Ah, the ripped-from-the-headlines drama. Not one of my favorite subgenres, to be perfectly honest, but they’re not all bad. Certainly the genre has a higher success rate than sports films or biopics. In any case, I try to avoid the ones that are based on more recent events. Even when they’re good films (as in United 93), I still get the stinging sense that they were cynically made to short-sightedly capitalize on current events. What’s the point in seeing a dramatization of something that was just on the news? I have no idea, and Fair Game does little to answer this query.
Most people who follow the news (or listen to The Decemberists) are familiar with the story of Valerie Plame, a tragic yarn about an undercover CIA operative thrown under the bus by her own organization in 2003, effectively distracting the public from the untruths used to push the Iraq War. It’s a film-worthy story to be sure, a frustrating true-life tale of political skullduggery, but unfortunately Fair Game drops the ball in translating it to the screen.
Doug Liman is a talented enough guy. He’s got a few good films under his belt (none better than sad sack classic Swingers), but he hasn’t made a work of substance or value since 2002’s The Bourne Identity. And I’m stretching the definitions of “substance” and “value” here – Bourne was mainly significant not because it was smart or good, but because it was smarter and better than its big-budget action peers. Fair Game appears to be his attempt to return to the act of creating “legitimate” films with souls, an admirable goal to be certain. I can feel that the drive was there, but unfortunately Liman made the mistake of hiring the wrong cinematographer: himself.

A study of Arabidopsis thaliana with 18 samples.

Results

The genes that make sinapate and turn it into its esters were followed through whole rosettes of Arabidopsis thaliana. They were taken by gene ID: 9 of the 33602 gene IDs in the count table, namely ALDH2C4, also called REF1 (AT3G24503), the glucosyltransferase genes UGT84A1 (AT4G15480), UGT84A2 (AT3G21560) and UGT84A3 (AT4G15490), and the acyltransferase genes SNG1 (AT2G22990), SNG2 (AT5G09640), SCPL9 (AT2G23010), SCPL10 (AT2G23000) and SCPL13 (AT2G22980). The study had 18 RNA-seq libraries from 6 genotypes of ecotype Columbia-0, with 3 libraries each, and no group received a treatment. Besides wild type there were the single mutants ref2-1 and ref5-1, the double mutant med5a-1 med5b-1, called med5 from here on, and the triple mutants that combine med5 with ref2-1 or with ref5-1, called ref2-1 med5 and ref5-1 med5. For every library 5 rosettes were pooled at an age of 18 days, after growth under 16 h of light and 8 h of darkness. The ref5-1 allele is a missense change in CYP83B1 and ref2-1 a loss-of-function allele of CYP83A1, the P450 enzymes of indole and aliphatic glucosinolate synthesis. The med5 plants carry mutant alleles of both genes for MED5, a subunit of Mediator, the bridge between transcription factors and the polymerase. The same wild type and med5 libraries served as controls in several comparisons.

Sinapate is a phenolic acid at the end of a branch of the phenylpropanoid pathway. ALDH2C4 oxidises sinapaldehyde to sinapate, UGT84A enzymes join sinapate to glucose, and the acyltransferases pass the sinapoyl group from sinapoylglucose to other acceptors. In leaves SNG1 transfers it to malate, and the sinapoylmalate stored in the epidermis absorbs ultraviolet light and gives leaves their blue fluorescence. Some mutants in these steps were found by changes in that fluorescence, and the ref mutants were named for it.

Yes, Doug Liman is the director of photography behind Doug Liman’s Fair Game. Being your own DP isn’t necessarily a bad thing, but the camera work is the single biggest problem with this film. The vast majority is shot in clumsy, distracting handheld digital video. The intention of this is clear: Fair Game paints itself as a realistic, down to earth sort of political thriller, taking time to show the banality of Plame and her husband’s daily life. The handheld camera attempts to accentuate this, plopping the viewer down in the middle of their world, but ultimately ends up feeling aimless and lazy.
More often than not, the camera will veer in a random direction for no discernible reason, looking more like the person behind the camera is shifting in their seat than focusing on the action. Much of the time you’re looking at some sloppy shot where the characters are off in the corner as the camera has pointlessly deviated from its focus again. This kills the immediacy of the film, failing to do the source material justice. Many filmmakers have done well with this pseudo-doc style, but Liman is not John Cassavetes. He isn’t even a Duplass brother. The film should have been shot by a top-rate cinematographer, as it includes moments of drama that deserve and demand the hand of someone with more nuance and skill.
In spite of this, Fair Game is saved by its actors and pacing, managing to emerge as a pretty decent film. Naomi Watts and Sean Penn are good, as they often are, even if it hurts to see the impact of their stellar performances lessened by the weak camera work. There are a few mildly embarrassing moments (a scene where Plame glances knowingly at an American flag made me wince), but on the whole avoids being overly obvious or preachy. The story remains engaging and heartbreaking, and fans of political dramas and thrillers may well eat this up.
Overall Score: 6.60 – Okay. (6s are just okay. These movies usually have many flaws, didn’t try to do anything special, or were poorly executed. Some will still love 6s, but most prefer to just rent them. Watch more trailers and read more reviews before you decide.)
Fair Game is an engaging political drama sunk by its sloppy handheld cinematography.